In the world of K-12 STEM education, engineering rarely rates more than a passing nod. That soon may change if states embrace a National Research Council panel’s sweeping recommendations for “next generation” science standards as readily as they adopted common core literacy and math standards.

The panel’s July 19 report, “A Framework for K-12 Science Education: Practices, Cross-cutting Concepts and Core Ideas,” not only builds on the decades-long effort to improve the teaching and learning of science. It puts engineering on a par with physics and other disciplines as key to meeting humanity’s most pressing challenges while helping citizens make informed everyday decisions, such as choosing among medical treatments.

American students fall in the middle of the international pack in science and math, and only a handful score at the advanced level on national assessments. “Currently, science education in the U.S. lacks a common vision of what students should know and be able to do by the end of high school,” said retired physicist and report panel chair Helen Quinn of the SLAC National Accelerator Laboratory in Stanford, Calif. “Students are rarely given the opportunity to experience how science is actually done.”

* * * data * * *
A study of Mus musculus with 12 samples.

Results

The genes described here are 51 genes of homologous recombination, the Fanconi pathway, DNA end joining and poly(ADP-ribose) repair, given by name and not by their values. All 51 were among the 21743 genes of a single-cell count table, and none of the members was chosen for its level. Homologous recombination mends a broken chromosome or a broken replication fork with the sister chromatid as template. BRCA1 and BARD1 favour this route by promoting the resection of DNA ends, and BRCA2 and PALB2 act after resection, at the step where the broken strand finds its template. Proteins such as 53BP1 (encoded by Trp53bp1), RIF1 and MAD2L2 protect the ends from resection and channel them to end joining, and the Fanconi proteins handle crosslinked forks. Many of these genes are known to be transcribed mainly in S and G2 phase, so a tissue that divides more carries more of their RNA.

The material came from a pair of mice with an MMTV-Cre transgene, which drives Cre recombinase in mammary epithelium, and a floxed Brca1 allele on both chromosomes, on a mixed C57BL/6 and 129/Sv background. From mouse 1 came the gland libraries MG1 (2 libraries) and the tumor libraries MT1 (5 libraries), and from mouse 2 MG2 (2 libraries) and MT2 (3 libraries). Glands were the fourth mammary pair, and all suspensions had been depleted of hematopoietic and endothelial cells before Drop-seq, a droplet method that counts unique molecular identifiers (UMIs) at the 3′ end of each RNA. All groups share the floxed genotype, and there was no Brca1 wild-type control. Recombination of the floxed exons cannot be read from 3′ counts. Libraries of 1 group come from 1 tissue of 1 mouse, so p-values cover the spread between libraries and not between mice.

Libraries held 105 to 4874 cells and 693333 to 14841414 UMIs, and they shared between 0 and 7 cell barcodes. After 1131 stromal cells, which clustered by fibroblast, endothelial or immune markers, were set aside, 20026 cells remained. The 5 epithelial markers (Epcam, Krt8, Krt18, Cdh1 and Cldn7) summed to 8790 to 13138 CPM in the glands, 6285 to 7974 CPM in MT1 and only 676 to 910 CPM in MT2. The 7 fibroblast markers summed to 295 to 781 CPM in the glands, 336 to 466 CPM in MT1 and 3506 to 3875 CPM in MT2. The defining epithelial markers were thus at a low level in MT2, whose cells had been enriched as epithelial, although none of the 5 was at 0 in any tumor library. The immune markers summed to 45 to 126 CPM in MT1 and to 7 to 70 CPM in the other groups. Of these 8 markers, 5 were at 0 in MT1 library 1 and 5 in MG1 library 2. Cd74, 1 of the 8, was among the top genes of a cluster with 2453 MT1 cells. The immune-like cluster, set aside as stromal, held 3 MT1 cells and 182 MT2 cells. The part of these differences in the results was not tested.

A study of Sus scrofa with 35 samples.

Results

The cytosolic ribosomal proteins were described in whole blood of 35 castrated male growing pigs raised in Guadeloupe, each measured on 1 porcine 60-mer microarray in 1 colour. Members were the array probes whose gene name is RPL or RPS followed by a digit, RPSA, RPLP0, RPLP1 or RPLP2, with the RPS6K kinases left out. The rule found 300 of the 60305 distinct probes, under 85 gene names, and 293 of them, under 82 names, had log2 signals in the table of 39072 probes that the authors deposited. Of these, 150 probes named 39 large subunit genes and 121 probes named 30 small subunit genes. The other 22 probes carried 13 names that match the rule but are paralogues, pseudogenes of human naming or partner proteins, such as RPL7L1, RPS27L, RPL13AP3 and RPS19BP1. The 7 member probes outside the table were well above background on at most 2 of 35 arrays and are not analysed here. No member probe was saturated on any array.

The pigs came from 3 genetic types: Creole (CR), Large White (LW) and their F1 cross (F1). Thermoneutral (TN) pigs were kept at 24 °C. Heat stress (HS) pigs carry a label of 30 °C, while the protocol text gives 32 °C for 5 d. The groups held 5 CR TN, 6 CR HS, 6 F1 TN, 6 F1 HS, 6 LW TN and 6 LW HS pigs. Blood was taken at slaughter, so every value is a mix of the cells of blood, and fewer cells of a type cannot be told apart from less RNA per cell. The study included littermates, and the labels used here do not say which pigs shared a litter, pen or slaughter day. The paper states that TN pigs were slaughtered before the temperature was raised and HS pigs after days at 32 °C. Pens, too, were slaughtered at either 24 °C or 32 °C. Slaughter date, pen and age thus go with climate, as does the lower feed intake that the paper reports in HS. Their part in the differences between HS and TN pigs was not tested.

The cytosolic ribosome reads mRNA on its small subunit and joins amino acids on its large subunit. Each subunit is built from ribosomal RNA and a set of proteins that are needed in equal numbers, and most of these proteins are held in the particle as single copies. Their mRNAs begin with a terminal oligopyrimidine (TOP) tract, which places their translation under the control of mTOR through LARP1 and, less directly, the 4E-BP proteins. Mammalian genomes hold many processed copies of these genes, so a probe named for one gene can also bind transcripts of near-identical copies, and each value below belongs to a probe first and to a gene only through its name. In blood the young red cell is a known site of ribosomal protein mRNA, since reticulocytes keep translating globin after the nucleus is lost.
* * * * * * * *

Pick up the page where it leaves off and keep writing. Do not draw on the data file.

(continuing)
The 282-page “conceptual framework” argues for replacing today’s mile-wide, content-driven curricula with an integrated approach that focuses on three major dimensions: scientific and engineering practices, crosscutting concepts, and discipline-specific core ideas such as engineering design. One of the blueprint’s big goals is “to ensure that by the end of 12th grade, all students have some appreciation of the beauty and wonder of science.”

Will that include an appreciation of engineering design and practice? The research council, which is the operating arm of the National Academy of Sciences and the National Academy of Engineering, acknowledges the challenges, including insufficient time at most schools for learning and doing science. The report will help guide efforts now underway at Achieve, a Washington, D.C.-based nonprofit, to develop common state science standards, expected out by the fall of 2012.


  1. I teach Technology Education, which is a mandated program in NY. My program is based on the Engineering Design Cycle.